For my 5th birthday, I was presented with a 7” vinyl record of Yellow Submarine/Eleanor Rigby by the Beatles. A strange amazing black disc containing music that I could keep playing, I wore it out. Sad to say that by the time I reached 12, the Beatles were totally uncool, and who was this Yoko Ono woman anyway, was she the reason they split? Of course, now I find myself in awe of Ono the artist, for me a creative with far greater endurance than the musical association.

It’s taken me a while to get across country to see this show in Liverpool, firstly because it’s so far away from my base in Norfolk but also, as a native Mancunian, Liverpool has always been a cultural and sporting diametric. Having been hoodwinked out of quite a few dollars recently by having visited some expensive but ultimately very disappointing blockbuster art shows, I am sorry to say that my natural scepticism preceded my expectations of Double Fantasy: “Go ahead, impress me”. But at least it was a free show if not quite a ‘last chance to see’. Actually, in this case I hold up my hands, I was so wrong. This show comprises not of media hype for the tourist, but actually contains some real gems that offer an intimate insight into how Ono and Lennon mobilised their relationship and fame to try to change the world. A doomed project one might naturally assume, but in reality, their activism, campaigning, love-ins and films resonate even now.

Ono Lennon spoke openly about the show recently: "I am so happy and grateful that we are having our Double Fantasy - John & Yoko show in Liverpool. This is where John was born, and I know John would be very happy too. We were a very simple couple just loving each other every day and I just wanted to show the simple truth of us. In our personal life, we were pretty simple people, and we made all sorts of things with love for each other. Everything was made out of love. We found that we were both very strongly interested in world peace. I feel John and I are still working together. I always feel his warmth next to me."

The show is essentially a chronology of Ono and Lennon as individuals whose paths eventually coincide from their respective careers. From the intimate to the iconic, the exhibition brings together some rare and unmissable objects and artworks. The film programme is worth sitting through and is a refreshing change from the milieu of try-hard, 2-hour video installations that I seem to encounter almost weekly. A music room, overlooking the Mersey reverberates with melancholy as the couple's albums play out for visitors, the gallery itself featuring some extraordinarily good (and not so good) album cover art. Lennon’s hand-written lyrics lend some warmth and humanity to this show whilst a copy of Ono’s scarce book Grapefruit, given to Lennon as a gift in ’66 remind us what an important and seminal artist she has been – and of course, still is.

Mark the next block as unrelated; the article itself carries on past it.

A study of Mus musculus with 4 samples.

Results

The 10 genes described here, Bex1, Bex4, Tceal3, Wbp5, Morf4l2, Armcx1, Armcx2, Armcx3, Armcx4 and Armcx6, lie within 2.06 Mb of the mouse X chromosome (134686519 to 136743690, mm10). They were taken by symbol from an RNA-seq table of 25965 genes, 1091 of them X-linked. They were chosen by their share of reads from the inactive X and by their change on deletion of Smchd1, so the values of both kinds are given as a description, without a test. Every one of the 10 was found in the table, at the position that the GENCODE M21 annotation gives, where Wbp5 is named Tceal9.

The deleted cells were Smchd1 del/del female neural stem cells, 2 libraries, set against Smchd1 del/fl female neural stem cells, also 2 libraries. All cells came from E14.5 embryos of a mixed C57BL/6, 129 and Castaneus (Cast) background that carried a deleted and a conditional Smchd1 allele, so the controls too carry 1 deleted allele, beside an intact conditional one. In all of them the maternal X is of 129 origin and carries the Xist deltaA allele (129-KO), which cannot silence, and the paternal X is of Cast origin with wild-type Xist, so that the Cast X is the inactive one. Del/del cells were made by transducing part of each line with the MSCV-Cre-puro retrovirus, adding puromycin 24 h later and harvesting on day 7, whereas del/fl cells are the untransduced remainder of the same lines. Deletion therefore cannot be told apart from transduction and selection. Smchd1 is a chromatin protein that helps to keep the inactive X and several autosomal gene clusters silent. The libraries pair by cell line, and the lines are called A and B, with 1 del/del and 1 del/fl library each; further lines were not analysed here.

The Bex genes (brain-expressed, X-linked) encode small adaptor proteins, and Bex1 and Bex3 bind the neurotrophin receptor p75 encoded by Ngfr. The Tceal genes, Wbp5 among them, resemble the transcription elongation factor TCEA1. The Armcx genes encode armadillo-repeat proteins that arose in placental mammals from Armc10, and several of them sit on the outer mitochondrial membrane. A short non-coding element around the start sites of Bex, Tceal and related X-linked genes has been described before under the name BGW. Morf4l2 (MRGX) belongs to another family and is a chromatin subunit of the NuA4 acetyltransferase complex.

Other important works are represented in this show, which is superbly curated and presented; expression I have rarely used of late I must say. Original artworks by Ono and Lennon are included in the show, Ono’s Ceiling Painting/Yes Painting, Painting to Hammer A Nail and Apple, as well as The Daily Howl make welcome appearances, as does a touching, hand-made book by Lennon from his childhood along with examples of his quirky line drawings.

The exhibition also features conceptual work the couple co-produced: War is Over, Plastic Ono Band, and elements of their first collaboration Acorn Peace are important elements within the show. Some of the other stuff left me a bit cold as it smacked of nostalgia more that curatorial insight: Lennon’s iconic wire-rimmed glasses, Ono’s photogenic Porsche sunglasses along with a car-boot sale worth of old clothing are all here as context and spectacle - apologies for the pun. A recreation of the Imagine mosaic circle in Strawberry Fields, Central Park, New York. An intimate and contemplative space, it will also reflect on the global repercussions of Lennon’s death.

Sharon Granville, Director of the Exhibition for National Museums Liverpool said: “We have worked closely with Yoko and her team for several years to tell an intimate story of the couple’s relationship and work, using her and John’s words wherever it was possible. Setting this against a backdrop of the volatile late 1960s – Vietnam War, civil rights protests and social unrest and revolution across Europe and the USA - reveals just how creatively and bravely the couple harnessed their fame and influence to express their radical ideas, challenge preconceptions of the role of artists in society and promote universal themes of peace, love and equality, which continue to have strong resonance and importance today”.

In short, a show well worth the air miles.